Thursday, April 8, 2010
Traders witnessed a rare event on Tuesday.
For only the fourth time in two years, the Volatility Index traded below its lower Bollinger Band and then closed back above it. (It sounds technical... but stick with me. It's important, as I'll show.)
On two of the other three occasions, the VIX exploded higher almost immediately... accompanied by strong declines in the stock market. The other occurrence led to a fast 10% pop in the VIX and a short-term market decline.
Take a look at the chart...
The VIX is a measure of stock market volatility and investor fear. On Tuesday, fear sank to its lowest level in two years.
Bollinger Bands – the blue lines – are used to measure the most likely confines of a chart's trading range. So, in this case, the Bollinger bands indicate the potential volatility of the Volatility Index.
It is rare for the VIX to trade outside of its Bollinger Bands. When it does, it often leads to a sharp and sudden reversal in the other direction. That was certainly the case in May and August 2008. The VIX rallied 75% and 300%, respectively. Each of those rallies started with the VIX at depressed levels below 20. And each of those VIX rallies coincided with sharp declines in the broad stock market.
The VIX traded below its lower Bollinger Band again in April 2009. The following bounce, however, was short lived, and the VIX fell even lower two weeks later. That instance, though, started with the VIX already trading around 35 – an arguably elevated level.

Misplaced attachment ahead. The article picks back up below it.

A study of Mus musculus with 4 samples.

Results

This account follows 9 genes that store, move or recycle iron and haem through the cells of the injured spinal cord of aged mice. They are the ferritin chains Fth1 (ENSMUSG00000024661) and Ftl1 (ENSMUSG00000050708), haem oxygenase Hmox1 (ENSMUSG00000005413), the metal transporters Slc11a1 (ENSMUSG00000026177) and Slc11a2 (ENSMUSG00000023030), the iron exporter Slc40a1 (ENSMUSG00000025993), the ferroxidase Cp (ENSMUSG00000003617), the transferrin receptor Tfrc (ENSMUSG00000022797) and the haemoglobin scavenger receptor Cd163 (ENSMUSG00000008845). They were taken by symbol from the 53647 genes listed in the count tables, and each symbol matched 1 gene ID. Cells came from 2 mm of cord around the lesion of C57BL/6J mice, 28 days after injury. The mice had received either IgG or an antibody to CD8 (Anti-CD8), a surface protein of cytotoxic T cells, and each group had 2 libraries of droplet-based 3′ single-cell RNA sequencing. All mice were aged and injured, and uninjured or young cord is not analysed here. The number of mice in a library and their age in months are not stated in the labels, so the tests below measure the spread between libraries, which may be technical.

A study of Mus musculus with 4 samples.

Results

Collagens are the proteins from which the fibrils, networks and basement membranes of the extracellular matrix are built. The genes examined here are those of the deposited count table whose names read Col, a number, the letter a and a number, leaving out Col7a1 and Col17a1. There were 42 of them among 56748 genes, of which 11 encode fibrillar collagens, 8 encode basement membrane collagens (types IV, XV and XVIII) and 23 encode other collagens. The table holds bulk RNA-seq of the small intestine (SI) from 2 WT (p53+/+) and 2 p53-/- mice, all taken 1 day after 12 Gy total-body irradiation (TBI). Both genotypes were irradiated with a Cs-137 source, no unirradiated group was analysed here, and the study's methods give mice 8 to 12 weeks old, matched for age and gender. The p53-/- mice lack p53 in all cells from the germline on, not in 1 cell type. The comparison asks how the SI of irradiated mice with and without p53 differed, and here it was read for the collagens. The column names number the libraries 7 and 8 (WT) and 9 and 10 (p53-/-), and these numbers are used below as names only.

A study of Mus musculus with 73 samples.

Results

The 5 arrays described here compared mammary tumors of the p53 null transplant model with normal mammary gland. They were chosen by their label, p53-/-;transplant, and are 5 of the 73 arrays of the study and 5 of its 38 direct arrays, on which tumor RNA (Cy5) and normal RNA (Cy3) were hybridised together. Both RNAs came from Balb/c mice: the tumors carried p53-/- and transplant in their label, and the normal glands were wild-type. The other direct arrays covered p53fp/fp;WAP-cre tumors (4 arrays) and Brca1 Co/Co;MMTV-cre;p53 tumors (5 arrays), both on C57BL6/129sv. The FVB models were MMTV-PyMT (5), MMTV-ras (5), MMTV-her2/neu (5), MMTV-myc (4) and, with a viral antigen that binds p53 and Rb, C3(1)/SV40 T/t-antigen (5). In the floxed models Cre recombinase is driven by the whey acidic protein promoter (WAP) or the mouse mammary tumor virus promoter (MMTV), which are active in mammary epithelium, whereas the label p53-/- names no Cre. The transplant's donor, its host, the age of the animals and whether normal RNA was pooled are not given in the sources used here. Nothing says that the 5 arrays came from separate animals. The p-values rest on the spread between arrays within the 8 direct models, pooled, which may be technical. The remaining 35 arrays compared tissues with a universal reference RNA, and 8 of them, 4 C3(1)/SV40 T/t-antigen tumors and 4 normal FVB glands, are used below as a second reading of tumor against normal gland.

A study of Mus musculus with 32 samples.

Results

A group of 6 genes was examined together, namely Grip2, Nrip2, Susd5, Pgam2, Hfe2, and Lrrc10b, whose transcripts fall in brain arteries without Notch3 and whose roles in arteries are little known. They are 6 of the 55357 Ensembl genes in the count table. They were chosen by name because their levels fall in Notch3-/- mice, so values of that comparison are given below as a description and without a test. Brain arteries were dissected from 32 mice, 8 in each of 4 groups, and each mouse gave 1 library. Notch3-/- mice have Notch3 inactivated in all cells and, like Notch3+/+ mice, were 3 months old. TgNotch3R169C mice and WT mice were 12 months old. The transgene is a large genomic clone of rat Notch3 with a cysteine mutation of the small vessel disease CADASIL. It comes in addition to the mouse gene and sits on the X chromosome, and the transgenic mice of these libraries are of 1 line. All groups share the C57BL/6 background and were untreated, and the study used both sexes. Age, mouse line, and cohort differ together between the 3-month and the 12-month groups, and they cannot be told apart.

The situation today resembles the former cases more than the latter one. The Volatility Index closed Tuesday near 16 – the lowest reading in two years. Investors are complacent and have enjoyed 39 trading days without so much as a 1% decline.
It feels as though stocks are a one-way upside bet.
The action in the Volatility Index, however, is suggesting otherwise.
Best regards and good trading,
Gold marches higher... yellow metal passes $1,150 per ounce for the first time since January 12.
Apple juggernaut won't quit... now it's the third largest company in the S&P 500 by market cap.
Spending stock rally continues... new highs for Gap, Polo Ralph Lauren, Coach, and Abercrombie & Fitch.